Downtown flooded with unhealthy options


From the recent arrival of R. U. Hungry, Eddies Calzones and the upcoming opening of Zaxby’s, downtown Athens is losing its healthy taste and providing a difficult place for those trying to eat right.

These restaurants are offering menus that caters more to those who want a cheaper and quicker meal. One of the biggest reasons students tend to gravitate toward those restaurants is because they are trying to save money, as cost often takes precedent over health.  

“For the majority of college students, I would definitely say they lean more towards the unhealthy options because it’s cheap and fast,” said Madeline Lee, a sophomore risk management and insurance major. “No one has time or money to eat at Five Bar or Last Resort Grill for every meal they eat downtown.”

The new restaurants also tend to cater to late night crowds. Their closing hours are usually at 3 or 4 a.m., which makes them a prime option for those out late studying or hanging out downtown.

The manager for Eddies Calzones Thomas Morse said that they do have local regulars who come during the lunch rush, but most of their business occurs at night because of how active the late night scene is in Athens.

“Drunks love cheap, greasy, not good for you food,” senior women’s studies major Kate Collins said. “And with Athens having one of the best bar scenes in the country, these businesses know what they are doing and know how to turn the best profit.”

The emergence of these restaurants, and their easy appeal to students, has created more competition for the healthier, local eateries. However, some students believe that poor eating is a choice and can’t be blamed on surroundings alone.

“People are aware of what choices they make when selecting where they should eat,” Lee said. “If they are adamant about making healthy choices, I don’t think the new addition of unhealthy restaurants would stop them from doing so.”

All restaurants seem to have support from regular customers, regardless of being healthy or not. Erin Wilson, manager of The National, said she has not seen any business struggles at The National, even with unhealthy restaurants moving in. Its customers can expect fresh and healthy food and go there for that reason.

During lunch, The National offers two healthier food choices such as the Power Lunch and the Super Bowl which are vegetarian dishes and feature locally-grown vegetables. Wilson said these items are chosen more often than the hamburgers on the menu.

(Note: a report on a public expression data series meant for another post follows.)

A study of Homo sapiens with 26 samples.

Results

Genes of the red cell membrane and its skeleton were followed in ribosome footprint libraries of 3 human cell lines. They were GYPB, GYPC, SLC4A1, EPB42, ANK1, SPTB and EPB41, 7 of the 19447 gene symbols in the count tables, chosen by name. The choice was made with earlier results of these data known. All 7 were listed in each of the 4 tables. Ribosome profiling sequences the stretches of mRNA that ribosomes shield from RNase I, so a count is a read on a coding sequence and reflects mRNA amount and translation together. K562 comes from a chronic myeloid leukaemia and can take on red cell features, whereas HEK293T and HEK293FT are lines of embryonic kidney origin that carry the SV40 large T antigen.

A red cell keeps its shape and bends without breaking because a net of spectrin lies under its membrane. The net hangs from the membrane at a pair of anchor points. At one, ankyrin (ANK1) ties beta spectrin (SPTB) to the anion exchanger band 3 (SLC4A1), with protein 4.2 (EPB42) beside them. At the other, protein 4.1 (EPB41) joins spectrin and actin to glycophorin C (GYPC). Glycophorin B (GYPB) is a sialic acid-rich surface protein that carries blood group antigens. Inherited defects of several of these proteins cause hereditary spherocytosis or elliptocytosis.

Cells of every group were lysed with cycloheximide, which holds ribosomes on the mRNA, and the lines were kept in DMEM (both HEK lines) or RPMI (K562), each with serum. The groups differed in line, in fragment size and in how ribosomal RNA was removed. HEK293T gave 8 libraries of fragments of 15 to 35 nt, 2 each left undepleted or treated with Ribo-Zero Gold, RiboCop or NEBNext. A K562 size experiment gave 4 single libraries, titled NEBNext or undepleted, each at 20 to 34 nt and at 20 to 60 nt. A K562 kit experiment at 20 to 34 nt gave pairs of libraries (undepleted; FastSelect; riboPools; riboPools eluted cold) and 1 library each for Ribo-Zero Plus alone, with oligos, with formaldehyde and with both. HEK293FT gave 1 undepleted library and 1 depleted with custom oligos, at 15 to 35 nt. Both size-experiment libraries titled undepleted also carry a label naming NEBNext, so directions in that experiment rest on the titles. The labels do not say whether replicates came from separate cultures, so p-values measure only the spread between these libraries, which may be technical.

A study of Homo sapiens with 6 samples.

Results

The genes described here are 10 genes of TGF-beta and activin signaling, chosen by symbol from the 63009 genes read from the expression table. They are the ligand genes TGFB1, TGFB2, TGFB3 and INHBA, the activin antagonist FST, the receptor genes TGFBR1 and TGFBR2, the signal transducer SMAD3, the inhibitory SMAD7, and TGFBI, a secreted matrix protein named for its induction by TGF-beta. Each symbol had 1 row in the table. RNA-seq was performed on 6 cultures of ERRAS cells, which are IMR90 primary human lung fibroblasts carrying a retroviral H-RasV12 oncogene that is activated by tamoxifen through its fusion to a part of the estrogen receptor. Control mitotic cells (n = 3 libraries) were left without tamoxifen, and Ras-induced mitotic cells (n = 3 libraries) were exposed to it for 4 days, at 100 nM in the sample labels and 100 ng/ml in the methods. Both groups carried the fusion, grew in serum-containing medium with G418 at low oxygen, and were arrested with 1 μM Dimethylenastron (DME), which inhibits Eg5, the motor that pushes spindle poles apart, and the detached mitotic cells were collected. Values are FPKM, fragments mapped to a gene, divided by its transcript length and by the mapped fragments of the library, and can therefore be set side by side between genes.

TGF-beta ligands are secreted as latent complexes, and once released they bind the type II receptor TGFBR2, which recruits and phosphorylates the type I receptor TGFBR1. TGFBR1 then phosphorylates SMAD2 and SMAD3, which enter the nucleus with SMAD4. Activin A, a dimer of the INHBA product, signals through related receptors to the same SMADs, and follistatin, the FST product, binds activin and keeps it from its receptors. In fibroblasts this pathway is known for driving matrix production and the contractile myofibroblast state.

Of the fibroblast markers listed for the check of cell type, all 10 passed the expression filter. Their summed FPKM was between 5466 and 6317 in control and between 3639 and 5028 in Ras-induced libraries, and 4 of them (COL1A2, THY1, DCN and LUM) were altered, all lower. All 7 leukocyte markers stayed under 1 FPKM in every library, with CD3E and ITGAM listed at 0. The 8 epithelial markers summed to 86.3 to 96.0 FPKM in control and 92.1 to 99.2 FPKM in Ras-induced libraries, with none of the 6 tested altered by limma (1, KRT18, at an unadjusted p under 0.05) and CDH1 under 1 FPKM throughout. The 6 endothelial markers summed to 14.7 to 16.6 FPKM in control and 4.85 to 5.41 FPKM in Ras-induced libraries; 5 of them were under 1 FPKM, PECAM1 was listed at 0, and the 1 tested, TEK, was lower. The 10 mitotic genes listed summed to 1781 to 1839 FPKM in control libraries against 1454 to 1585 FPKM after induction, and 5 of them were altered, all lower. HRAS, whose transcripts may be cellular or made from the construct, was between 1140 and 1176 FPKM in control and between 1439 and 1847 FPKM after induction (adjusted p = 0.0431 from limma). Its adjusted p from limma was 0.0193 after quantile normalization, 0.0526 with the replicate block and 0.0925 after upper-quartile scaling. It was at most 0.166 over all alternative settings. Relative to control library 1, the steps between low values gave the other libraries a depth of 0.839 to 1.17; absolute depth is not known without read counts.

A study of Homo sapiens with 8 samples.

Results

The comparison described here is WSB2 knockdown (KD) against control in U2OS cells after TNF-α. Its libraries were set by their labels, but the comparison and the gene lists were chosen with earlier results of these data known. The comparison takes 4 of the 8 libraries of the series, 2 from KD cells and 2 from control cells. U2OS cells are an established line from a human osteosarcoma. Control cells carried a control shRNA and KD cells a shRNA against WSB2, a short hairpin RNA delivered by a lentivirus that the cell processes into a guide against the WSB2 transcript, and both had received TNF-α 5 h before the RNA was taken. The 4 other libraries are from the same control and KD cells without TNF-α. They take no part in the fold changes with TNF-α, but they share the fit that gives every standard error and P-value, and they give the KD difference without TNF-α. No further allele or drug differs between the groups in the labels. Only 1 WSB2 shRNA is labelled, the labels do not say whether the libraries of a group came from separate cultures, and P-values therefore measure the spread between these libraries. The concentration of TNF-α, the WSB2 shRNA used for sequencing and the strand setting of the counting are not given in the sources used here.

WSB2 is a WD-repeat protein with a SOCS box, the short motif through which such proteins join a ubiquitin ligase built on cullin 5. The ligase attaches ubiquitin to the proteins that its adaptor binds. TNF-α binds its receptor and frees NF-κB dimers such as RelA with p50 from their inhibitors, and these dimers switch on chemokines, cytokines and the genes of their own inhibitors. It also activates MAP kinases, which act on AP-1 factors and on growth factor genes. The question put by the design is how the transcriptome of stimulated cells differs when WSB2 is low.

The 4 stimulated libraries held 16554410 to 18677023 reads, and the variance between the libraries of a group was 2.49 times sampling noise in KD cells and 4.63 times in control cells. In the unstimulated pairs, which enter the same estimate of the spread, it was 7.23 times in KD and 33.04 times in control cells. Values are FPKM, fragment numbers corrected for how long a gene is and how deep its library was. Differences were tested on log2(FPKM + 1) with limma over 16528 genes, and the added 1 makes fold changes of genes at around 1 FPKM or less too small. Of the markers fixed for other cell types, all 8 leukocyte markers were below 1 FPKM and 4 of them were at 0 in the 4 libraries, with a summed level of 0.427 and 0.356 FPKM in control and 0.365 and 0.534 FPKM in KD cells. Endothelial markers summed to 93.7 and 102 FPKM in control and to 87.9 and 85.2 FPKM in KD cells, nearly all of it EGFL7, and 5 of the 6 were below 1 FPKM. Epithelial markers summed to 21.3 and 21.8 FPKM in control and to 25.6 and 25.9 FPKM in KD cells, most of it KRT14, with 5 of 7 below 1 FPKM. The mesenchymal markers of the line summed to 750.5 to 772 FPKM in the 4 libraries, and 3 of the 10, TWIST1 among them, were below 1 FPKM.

Another healthier restaurant is The Grit, which, according to its manager, Rebecca Beebe, is “an Athens staple.”

Customers are loyal to The Grit’s environment and vegetarian and vegan options.

“I think our options consist of more vegetables and fruits than more of the restaurants in town and we use high-quality ingredients on a weekly and daily basis,” Beebe said.

The two restaurants are more expensive to support a healthier, more quality diet, but customers go to Eddies Calzones and R. U. Hungry to pay less and eat in a more casual environment.

However, downtown does offer some hybrid restaurants such as Arden’s Garden. With fast, cheap and healthy options, it offers the same type of quick and inexpensive menus as Eddies Calzones and R.U. Hungry, but its food options lend toward a healthier diet.

“All Arden’s Garden products have natural ingredients and no added sugar,” said Alaisha Wellons, an Arden’s Garden employee.

Even with its smaller menu offerings and new competition, “if you’re into smoothies and juice you’re still going to come here no matter what,” Wellons said.

Palmer Daws, a junior business management major, said he, like most people, go downtown with one idea in mind: having good-tasting food.

“When I go downtown for dinner I am looking for a good meal,” Daws said. “Most of the meals are expensive so why waste money on a healthy meal when it won’t taste as good as a rich unhealthy meal.

 Price, availabilty and flavor ultimately seem to be the main factors keeping downtown’s fast food restaurants packed, with more eateries of the same kind likely on the way.

"People eat out for good food,” Daws said. “It’s easier to cook healthy at home than go downtown for dinner.”